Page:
Note: This story was updated at 10:45 a.m. on July 8 to correct the length of the district attorney's term.
Hamilton County District Attorney Neal Pinkston, whose office has both state and county funding, has moved his wife from the state portion of his payroll to the county's amid concerns about nepotism.
Pinkston, who has served as the top prosecutor for Tennessee's 11th Judicial District since 2014, married a subordinate, Melydia Clewell, in 2019 and appointed her brother, Kerry Clewell, as an investigator in 2020.
After the relationships were made public by the Times Free Press in May, state Sen. Todd Gardenhire, R-Chattanooga, raised concerns about the situation given that Tennessee law does not allow one relative to supervise another within state government.
In a series of emails obtained by the Times Free Press last month, Gardenhire asked the Tennessee District Attorneys Conference — a state agency tasked with administrative support of the state's prosecutors — about the apparent conflict.
The conference's director, Guy Jones, told Gardenhire in the emails Pinkston intended to move his relatives to the county's payroll.
Gardenhire then called for Jones to correct what he considered a "shell game" being played by Pinkston.
Neither Pinkston nor Bruce Garner, the spokesperson for the District Attorney's Office, responded to multiple phone and email requests for comment for this story. However, the office did release some emails requested by the newspaper under the Tennessee Public Records Act.
Those emails show that Jones contacted Pinkston about the issue in May and then again on June 29 (six days after Gardenhire's complaint to Jones) and asked for evidence the law was being upheld.
"Recently, I received an inquiry from a legislator regarding TCA 8-31-103. You assured me, when we discussed the matter several weeks ago, that the statute was not being violated," Jones wrote. "Please provide to me documentation that I can rely upon in responding to the inquiry."
In response, the DA's office provided the state a 2016 email from Melydia Clewell to Pinkston in which she compiled salaries of other public information officers to ask for a pay raise.
"As I mentioned when we talked, I realize there may be funding limitations and it might be difficult to get my salary closer to the average range as quickly as I would like," Clewell wrote to the DA in 2016. "Please know that I appreciate your willingness to consider my request. This is not at all how the process worked in my previous media career [understatement] and I am grateful to you for hearing me out."
Effective Aug. 1, Pinkston has moved his wife to the county, where she is making $91,000 annually, according to the Hamilton County Human Resources Department on Friday.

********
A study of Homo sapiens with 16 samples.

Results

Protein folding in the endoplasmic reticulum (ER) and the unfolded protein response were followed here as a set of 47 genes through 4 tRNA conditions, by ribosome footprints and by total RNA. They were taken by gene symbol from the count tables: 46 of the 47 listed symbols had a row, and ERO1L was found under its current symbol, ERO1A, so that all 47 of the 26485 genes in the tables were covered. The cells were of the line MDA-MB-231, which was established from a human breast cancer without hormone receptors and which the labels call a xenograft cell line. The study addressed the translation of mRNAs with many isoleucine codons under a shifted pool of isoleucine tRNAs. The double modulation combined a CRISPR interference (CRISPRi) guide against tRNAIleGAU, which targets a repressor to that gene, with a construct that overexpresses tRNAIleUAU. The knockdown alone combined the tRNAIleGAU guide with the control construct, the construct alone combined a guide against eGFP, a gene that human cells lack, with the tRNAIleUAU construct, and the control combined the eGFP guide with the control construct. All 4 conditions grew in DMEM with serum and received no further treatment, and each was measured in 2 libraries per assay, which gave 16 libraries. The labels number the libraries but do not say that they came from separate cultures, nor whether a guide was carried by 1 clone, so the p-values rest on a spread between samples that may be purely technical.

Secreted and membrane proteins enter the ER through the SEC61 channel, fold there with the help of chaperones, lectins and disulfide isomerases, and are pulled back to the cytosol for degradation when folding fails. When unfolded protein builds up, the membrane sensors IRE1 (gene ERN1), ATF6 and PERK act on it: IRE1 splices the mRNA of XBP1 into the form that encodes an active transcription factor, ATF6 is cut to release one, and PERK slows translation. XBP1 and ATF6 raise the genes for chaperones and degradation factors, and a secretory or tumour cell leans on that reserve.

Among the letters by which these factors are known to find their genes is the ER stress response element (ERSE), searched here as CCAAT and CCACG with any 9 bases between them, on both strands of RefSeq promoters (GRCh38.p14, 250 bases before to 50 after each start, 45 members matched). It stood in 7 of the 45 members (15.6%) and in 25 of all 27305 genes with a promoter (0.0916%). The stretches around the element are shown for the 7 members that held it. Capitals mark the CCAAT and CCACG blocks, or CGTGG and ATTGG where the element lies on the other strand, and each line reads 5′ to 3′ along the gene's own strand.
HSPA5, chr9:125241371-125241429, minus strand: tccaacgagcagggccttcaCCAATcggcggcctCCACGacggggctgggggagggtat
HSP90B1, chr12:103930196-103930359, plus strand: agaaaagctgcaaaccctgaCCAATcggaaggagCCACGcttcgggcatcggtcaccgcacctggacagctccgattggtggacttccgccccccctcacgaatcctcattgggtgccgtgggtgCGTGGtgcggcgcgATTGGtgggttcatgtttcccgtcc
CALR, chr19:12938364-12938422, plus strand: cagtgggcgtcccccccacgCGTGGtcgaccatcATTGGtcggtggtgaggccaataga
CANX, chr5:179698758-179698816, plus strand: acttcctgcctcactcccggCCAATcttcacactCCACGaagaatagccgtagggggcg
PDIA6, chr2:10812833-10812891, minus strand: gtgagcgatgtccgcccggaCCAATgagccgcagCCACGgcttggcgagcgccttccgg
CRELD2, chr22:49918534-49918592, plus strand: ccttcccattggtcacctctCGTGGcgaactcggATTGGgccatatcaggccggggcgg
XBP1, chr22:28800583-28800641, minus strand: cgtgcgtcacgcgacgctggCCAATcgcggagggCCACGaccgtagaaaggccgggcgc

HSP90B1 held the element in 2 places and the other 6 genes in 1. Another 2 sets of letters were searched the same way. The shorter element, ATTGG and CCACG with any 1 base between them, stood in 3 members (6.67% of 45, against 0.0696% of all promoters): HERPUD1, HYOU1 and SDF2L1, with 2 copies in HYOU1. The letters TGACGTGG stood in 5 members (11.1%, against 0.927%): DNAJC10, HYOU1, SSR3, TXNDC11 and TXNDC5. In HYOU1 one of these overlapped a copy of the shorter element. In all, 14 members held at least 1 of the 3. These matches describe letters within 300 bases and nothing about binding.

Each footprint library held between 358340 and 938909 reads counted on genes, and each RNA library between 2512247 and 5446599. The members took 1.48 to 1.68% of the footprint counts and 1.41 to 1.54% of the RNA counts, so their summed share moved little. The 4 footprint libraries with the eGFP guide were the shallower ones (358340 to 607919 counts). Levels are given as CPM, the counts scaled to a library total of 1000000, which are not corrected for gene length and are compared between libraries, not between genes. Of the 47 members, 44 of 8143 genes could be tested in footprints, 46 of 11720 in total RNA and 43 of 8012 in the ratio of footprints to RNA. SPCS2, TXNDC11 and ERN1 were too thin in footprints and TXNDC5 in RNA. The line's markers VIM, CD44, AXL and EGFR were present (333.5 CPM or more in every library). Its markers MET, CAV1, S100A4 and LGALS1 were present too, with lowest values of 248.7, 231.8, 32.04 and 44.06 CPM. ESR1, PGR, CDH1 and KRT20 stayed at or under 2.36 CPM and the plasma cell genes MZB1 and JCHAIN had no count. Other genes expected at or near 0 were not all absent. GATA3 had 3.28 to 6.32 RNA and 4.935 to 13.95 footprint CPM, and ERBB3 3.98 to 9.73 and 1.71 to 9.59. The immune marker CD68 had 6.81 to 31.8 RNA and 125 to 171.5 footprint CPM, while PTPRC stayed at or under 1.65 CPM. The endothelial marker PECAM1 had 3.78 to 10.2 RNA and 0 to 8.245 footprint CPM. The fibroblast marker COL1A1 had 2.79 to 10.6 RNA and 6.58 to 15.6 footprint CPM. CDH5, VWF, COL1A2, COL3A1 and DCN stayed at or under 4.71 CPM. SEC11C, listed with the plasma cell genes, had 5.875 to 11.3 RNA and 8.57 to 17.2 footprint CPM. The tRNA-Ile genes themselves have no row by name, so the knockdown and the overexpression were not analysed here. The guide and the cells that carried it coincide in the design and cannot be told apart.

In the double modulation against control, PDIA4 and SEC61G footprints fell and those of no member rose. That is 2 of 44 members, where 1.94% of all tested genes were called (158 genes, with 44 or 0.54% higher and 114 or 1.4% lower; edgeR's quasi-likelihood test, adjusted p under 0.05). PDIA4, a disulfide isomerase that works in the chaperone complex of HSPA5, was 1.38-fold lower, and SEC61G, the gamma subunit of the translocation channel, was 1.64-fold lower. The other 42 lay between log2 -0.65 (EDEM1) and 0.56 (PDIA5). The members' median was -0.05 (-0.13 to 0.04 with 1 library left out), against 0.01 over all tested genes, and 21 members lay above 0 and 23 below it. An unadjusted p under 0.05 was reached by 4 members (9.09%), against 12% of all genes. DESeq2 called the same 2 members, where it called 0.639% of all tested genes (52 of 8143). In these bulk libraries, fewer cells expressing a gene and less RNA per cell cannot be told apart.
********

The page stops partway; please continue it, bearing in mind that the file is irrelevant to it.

According to state personnel records, Melydia Clewell was making $87,948 per year in June. When she was hired in 2015, she was paid $56,964 annually.
Clewell has a background in television journalism. She started in the DA's office as a public information officer and has more recently functioned as chief of staff.
The county's human resources administrator, Sandra Ellis, told the Times Free Press that another employee was moved to the state payroll to make room for Melydia Clewell within the DA's county-funded budget, which has a limited dollar amount and a cap of funded positions. She declined to identify the employee.
By not exceeding the budget positions or dollar amount, Pinkston was able to make the change without the approval of the Hamilton County Commission, which has called for him to make a public appearance to explain the ongoing nepotism discussion.
Pinkston declined the first two invitations by the commission made before the change and has not yet appeared before the funding body.
No paperwork had been filed as of Friday to move Kerry Clewell's employment to the county, but personnel records obtained by the Times Free Press last month show his $48,992 salary is already supplemented with $14,000 from the county.
Even if both Clewells are moved to the county's payroll, Gardenhire said there needs to be accountability for what he believes are violations of the law.
"I was concerned about state money being used to violate the law, but I'm really concerned about a law enforcement official continuing to play games with the budget and continuing this charade," Gardenhire said by phone Friday.
"The constitutional officers who are district attorneys have a unique protection from political influence, as they should, but not when they're violating the law," he added.
Gardenhire said he could not comment on whether he was asking state agencies to investigate the DA's office.
The newspaper has repeatedly attempted to discuss the matter with Pinkston or Garner and submitted dozens of written questions to allow a chance for the office to respond over the past three months.
Pinkston released a statement in May defending his actions, calling the hires both legally and ethically sound.
"I will continue to serve the people of the 11th Judicial District with integrity and diligence," Pinkston's statement said. "This will be the only statement I make on this matter."
In the May statement, emailed to media in response to reports and questions by the Times Free Press, Pinkston also announced he will seek re-election after his eight-year term expires in 2022.